Racial discrimination is banned in Illinois under the U.S. constitution and Title VII of the U.S. Code. Employers are barred according to theses laws from using race as a basis for hiring, recruitment, setting wage levels, or granting promotions.
What Must Be Proven in a Discrimination Claim?
Federal investigations of workplace discrimination are done by the agency called the Equal Employment Opportunity Commission (EEOC). Employees who are victims of discrimination are required to file their claim with the EEOC before filing suit in a court of law. Race discrimination includes situations where an employer treats their employee differently from other employees who are of a different race or nationality.
To be successful in a racial discrimination claim, the Freeburg employee must additionally show that their employee had the required intent to discriminate based upon the person's race. Proof of an employer's intent to discriminate can be proven if they have preferentially treated workers of different races than the plaintiff.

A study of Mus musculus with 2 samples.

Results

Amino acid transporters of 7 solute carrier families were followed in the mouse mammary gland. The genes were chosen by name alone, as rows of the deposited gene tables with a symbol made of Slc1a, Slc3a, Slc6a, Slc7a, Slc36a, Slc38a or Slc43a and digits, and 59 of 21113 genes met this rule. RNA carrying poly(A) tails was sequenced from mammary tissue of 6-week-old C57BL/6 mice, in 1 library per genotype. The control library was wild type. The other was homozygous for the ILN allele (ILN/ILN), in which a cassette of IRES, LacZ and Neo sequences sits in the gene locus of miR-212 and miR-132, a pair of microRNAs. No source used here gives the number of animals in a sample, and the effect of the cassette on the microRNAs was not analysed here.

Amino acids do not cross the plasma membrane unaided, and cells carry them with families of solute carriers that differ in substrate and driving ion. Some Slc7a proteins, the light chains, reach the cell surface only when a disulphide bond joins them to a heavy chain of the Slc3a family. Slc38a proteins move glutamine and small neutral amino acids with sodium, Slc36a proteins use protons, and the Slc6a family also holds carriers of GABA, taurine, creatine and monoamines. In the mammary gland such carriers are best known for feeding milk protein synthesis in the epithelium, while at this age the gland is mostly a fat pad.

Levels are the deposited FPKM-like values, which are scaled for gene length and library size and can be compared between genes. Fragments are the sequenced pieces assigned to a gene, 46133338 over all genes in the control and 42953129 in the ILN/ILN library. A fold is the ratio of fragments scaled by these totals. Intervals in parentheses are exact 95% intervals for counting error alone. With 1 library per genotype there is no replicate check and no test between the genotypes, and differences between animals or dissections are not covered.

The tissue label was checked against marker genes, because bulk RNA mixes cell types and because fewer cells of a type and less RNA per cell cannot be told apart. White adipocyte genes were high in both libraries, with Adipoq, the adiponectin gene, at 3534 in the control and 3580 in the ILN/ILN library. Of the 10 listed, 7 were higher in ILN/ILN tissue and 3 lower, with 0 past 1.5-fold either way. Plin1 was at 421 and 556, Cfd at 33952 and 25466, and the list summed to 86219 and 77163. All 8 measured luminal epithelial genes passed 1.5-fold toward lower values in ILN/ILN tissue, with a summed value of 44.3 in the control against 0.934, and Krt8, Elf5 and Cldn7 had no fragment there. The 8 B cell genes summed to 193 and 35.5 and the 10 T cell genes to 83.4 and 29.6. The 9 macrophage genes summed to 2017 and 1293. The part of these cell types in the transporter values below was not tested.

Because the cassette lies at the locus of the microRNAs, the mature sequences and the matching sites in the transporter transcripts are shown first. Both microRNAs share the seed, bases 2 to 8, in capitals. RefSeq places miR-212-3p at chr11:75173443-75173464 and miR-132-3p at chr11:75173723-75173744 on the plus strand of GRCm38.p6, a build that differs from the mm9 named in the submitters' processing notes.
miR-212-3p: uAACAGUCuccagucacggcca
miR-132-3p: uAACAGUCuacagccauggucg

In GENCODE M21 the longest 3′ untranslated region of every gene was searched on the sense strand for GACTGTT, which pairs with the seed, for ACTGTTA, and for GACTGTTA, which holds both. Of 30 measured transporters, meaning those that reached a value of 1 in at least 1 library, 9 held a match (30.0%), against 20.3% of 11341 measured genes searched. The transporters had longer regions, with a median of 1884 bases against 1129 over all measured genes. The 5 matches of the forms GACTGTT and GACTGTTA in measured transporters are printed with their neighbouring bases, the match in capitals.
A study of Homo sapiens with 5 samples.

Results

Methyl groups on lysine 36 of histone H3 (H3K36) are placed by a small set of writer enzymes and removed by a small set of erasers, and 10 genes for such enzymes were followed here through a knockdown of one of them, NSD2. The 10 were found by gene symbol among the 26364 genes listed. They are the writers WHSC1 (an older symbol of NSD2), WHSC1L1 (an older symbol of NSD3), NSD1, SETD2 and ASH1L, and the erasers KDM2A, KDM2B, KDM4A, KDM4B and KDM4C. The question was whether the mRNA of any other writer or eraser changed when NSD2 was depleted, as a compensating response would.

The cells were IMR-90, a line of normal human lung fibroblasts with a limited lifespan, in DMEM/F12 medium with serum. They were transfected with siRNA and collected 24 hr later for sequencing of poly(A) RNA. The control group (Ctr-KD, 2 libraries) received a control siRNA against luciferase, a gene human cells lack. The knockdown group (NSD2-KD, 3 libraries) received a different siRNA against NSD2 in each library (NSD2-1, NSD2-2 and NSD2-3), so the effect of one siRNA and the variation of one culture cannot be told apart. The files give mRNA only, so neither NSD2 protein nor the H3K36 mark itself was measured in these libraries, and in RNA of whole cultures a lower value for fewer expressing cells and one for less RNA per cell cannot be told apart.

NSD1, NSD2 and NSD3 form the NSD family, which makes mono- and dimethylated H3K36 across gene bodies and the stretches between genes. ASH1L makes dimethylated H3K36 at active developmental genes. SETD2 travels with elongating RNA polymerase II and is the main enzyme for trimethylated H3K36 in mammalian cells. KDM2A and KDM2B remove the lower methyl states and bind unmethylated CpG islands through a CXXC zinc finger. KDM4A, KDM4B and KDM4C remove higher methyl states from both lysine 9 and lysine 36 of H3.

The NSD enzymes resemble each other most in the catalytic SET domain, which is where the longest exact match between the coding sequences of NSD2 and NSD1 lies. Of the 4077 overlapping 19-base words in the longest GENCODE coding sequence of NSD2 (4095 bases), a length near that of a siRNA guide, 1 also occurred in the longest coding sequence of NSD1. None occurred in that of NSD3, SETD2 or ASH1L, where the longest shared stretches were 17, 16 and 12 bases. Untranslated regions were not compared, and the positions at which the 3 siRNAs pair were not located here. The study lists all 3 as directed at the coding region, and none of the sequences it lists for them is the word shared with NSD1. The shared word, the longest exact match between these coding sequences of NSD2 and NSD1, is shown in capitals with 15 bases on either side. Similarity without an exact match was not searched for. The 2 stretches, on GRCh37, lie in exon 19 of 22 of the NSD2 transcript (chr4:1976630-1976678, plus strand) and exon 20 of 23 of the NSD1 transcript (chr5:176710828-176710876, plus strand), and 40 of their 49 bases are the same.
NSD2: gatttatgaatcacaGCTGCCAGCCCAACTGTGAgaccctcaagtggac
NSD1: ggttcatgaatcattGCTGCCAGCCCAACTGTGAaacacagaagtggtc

How Can a Freeburg Lawyer Help with My Claim?
Recorded statements about racial issues that were made by the employer can also be used in some cases to show intent. Depending on where you file your claim, the procedural laws will vary considerably, and so a Freeburg lawyer will help familiarize you with the requirements for your district. An Illinois lawyer may also assist you with filing a claim with the EEOC as well as guide you to other possible remedies while the case is pending.